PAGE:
Primary feather lengths may not be important for inferring the flight styles of Mesozoic birds
Article first published online: 7 SEP 2012
© 2012 The Authors, Lethaia © 2012 The Lethaia Foundation
Volume 46, Issue 2, pages 146–153, April 2013
How to Cite
CHAN, N. R., DYKE, G. J. and BENTON, M. J. (2013), Primary feather lengths may not be important for inferring the flight styles of Mesozoic birds. Lethaia, 46: 146–153. doi: 10.1111/j.1502-3931.2012.00325.x
- Issue published online: 16 MAR 2013
- Article first published online: 7 SEP 2012
- Author correspondence details; manuscript received on 28/04/12; manuscript accepted on 13/06/12’.
Chan, N.R., Dyke, G.J. & Benton, M.J. 2013: Primary feather lengths may not be important for inferring the flight styles of Mesozoic birds. Lethaia, Vol. 46, pp. 146–152.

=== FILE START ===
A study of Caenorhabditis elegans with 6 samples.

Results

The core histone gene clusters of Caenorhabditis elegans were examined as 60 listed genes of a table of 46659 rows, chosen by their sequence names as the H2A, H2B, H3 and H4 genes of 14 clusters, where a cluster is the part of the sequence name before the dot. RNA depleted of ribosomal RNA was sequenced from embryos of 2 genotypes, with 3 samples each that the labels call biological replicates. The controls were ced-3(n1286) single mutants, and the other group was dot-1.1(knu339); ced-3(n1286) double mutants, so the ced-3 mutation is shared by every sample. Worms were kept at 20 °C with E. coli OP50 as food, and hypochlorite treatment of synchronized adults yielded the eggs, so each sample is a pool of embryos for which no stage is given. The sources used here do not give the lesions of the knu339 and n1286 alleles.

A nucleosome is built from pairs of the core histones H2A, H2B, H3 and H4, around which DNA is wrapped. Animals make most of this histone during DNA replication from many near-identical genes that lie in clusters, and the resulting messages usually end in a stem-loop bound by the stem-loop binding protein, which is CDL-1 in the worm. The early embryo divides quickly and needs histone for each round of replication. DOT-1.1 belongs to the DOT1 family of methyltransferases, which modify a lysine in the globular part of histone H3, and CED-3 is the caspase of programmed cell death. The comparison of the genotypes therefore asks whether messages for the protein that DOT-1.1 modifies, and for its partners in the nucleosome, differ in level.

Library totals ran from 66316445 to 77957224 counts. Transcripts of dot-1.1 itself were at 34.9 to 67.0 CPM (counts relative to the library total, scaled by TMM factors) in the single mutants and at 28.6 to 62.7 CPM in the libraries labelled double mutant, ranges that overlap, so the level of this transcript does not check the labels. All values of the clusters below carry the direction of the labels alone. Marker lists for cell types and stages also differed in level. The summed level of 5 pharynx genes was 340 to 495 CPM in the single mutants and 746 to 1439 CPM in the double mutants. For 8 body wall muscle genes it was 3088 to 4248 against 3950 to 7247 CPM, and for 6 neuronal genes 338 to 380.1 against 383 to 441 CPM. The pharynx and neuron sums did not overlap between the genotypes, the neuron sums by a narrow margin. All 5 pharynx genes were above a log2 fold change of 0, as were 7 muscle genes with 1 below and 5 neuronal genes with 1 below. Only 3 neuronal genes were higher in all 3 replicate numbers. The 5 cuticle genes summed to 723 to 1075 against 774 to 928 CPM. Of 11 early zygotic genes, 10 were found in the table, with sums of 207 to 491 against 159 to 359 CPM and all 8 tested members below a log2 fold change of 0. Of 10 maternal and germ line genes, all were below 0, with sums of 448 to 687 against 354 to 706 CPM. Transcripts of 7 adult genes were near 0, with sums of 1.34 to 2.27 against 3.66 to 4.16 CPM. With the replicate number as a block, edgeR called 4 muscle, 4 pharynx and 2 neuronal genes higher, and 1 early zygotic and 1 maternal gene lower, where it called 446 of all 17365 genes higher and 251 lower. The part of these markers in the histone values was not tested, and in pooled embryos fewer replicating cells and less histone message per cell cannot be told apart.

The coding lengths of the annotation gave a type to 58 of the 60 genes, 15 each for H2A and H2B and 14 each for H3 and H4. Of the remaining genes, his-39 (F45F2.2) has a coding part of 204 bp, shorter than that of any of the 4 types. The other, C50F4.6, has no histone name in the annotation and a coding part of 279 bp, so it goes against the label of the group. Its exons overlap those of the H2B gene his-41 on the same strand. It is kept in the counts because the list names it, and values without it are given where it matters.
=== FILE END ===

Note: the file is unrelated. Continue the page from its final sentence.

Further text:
Although many Mesozoic fossil birds have been found with primary feathers preserved, these structures have rarely been included in morphometric analyses. This is surprising because the flight feathers of modern birds can contribute approximately 50% of the total wing length, and so it would be assumed that their inclusion or exclusion would modify functional interpretations. Here we show, contrary to earlier work, that this may not be the case. Using forelimb measurements and primary feather lengths from Mesozoic birds, we constructed morphospaces for different clades, which we then compared with morphospaces constructed for extant taxa classified according to flight mode. Consistent with older work, our results indicate that among extant birds some functional flight groups can be distinguished on the basis of their body sizes and that variation in the relative proportions of the wing elements is conservative. Mesozoic birds, on the other hand, show variable proportions of wing bones, with primary feather length contribution to the wing reduced in the earlier diverging groups. We show that the diverse Mesozoic avian clade Enantiornithes overlaps substantially with extant taxa in both size and limb element proportions, confirming previous morphometric results based on skeletal elements alone. However, these measurements cannot be used to distinguish flight modes in extant birds, and so cannot be used to infer flight mode in fossil forms. Our analyses suggest that more data from fossil birds, combined with accurate functional determination of the flight styles of living forms is required if we are to be able to predict the flight modes of extinct birds. □Birds, flight, morphospace, Mesozoic, wing.